Expert Advice, Healthy Eating

Quality Matters: Eggs

October 24, 2018

Do you sometimes find yourself overwhelmed at the grocery store, wondering which meat, egg or veggie option is the best choice? Or maybe even which packaged product is the better option? You’re definitely not alone! Marketers are growing more savvy, which not only makes it hard to understand the quality differences between products, but also whether those fancy buzzwords they use actually matter. Today, let’s talk eggs.

When browsing store shelves, you might find egg options that boast all natural, cage-free, free-range, organic, pasture-raised and more. That’s a lot to sift through! It can be hard to know which of these terms is regulated and which is most important to look for. Don’t worry…we’ll break it down!

Caged: 

These are the eggs you’re most likely to encounter at the average grocery store. There isn’t much about how the hen was raised on the packaging and that’s largely because there’s not much to boast about. Caged hens are confined to cages for their egg-laying careers, are raised entirely indoors, and consume a corn or soy-based diet. These hens are often treated with antibiotics, too.

You may be wondering why the animals’ living conditions matter. Aside from the issue of humane treatment and environmental sustainability, stressed animals will have higher levels of cortisol, which leads to an increase in the presence of omega-6 fats and chronic inflammation (just like in humans!). Since these hens are fed a diet low in nutrients, the eggs they produce will also be low in nutrients.

Vegetarian Fed:

The natural diet of chickens consists of bugs and insects, so vegetarian-fed actually isn’t a selling point!

Cage-Free:

This sounds better than caged, right? Sadly, in practice, it’s more a marketing buzzword than anything else, since cage-free is not a regulated term. While cage-free chickens are raised without small cages and so have more room than caged hens, they’re often crowded together on a barn floor. They’re also fed a corn or soy-based diet, which isn’t what hens would eat in nature.

Free-Range:

Unfortunately, this is another term that’s not extremely meaningful. For the USDA, the free range designation means the chicken must be allowed 5 minutes of outdoor access each day. The real benefit to chickens being outside is to forage for bugs and insects (their natural diet). Unfortunately, five minutes of time outdoors per day doesn’t allow that. These hens get about 2 square feet per hen and many eat a corn or soy-based diet.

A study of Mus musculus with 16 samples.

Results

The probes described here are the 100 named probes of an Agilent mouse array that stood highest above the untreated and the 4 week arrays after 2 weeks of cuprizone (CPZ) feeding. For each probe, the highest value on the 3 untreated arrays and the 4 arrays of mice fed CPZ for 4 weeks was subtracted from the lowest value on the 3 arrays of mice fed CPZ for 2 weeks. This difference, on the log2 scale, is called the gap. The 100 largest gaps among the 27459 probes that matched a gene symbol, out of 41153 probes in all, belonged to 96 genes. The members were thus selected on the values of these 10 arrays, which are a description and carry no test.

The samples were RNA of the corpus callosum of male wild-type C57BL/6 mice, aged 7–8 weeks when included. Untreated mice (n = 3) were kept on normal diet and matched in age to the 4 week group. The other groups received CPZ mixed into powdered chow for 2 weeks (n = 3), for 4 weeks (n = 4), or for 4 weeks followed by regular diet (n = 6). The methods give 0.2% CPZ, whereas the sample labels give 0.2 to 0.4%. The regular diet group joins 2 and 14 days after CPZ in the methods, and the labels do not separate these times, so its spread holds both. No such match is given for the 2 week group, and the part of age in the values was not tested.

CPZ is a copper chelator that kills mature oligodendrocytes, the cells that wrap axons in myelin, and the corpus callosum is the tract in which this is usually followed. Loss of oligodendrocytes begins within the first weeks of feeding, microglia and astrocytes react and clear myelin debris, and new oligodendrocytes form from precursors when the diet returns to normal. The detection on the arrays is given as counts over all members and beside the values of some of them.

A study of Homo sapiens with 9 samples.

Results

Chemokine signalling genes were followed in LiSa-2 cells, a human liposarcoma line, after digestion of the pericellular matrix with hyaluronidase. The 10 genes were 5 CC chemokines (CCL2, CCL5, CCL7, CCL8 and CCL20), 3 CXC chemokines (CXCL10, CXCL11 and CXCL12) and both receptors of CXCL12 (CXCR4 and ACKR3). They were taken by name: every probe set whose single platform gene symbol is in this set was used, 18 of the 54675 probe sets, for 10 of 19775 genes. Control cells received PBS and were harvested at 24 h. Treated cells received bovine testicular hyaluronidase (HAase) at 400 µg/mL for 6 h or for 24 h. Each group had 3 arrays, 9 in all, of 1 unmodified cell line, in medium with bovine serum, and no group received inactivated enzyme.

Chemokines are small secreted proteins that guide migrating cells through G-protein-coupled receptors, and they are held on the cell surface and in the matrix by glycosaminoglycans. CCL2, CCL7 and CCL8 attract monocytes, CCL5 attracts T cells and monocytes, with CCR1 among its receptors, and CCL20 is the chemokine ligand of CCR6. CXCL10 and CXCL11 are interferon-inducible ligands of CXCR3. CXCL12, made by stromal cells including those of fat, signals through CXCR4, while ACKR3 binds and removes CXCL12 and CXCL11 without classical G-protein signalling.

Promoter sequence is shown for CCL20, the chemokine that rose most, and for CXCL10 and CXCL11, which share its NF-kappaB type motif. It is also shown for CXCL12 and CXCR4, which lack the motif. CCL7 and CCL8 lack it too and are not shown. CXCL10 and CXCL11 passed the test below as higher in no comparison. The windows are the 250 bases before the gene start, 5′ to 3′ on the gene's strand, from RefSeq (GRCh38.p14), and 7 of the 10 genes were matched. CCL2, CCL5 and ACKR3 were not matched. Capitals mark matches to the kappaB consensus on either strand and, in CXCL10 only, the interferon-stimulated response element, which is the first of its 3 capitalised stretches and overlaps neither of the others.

What about organic?

The organic certification is well-regulated, so opting for organic eggs is worthwhile compared to some of the other terms we’re talking about today. While organic doesn’t equate to pasture-raised, it means the animals were fed only organic feed, were only given antibiotics in the event of an infection, were given at least some access to the outdoors and were allowed to undergo natural molting (when they shed their feathers to make room for new ones).

Your best bet? Look for pasture-raised eggs.

These chickens were raised roaming outside on grass, eating bugs and insects, as nature intended. Pastured eggs are better for the animals who produce them, the earth, and for our health as well. When shopping for pasture-raised eggs, look for the Certified Humane seal and check to see if the label mentions the amount of space the chickens have. A minimum requirement for pasture-raised eggs is 108 square feet each.

Why pasture-raised?

Compared to commercially-raised eggs, pastured eggs contain:

-higher levels of omega-3 fats, which benefit heart & brain health (among other things!)

-lower levels of pro-inflammatory omega-6 fats

-36% more vitamin A for better eye, bone and immune health

-100% more vitamin E, an antioxidant key for immune health and skin & eye health

-260% more beta carotene, a precursor for vitamin A

Here at Snap Kitchen, we’re pleased to offer a two-pack of Vital Farms hard-boiled eggs. Vital Farms eggs are local to TX and come from truly pasture-raised hens. To find out more about their eggs, click here.


    I’m impressed by your writing. Are you a professional or just very kneedwlgoable?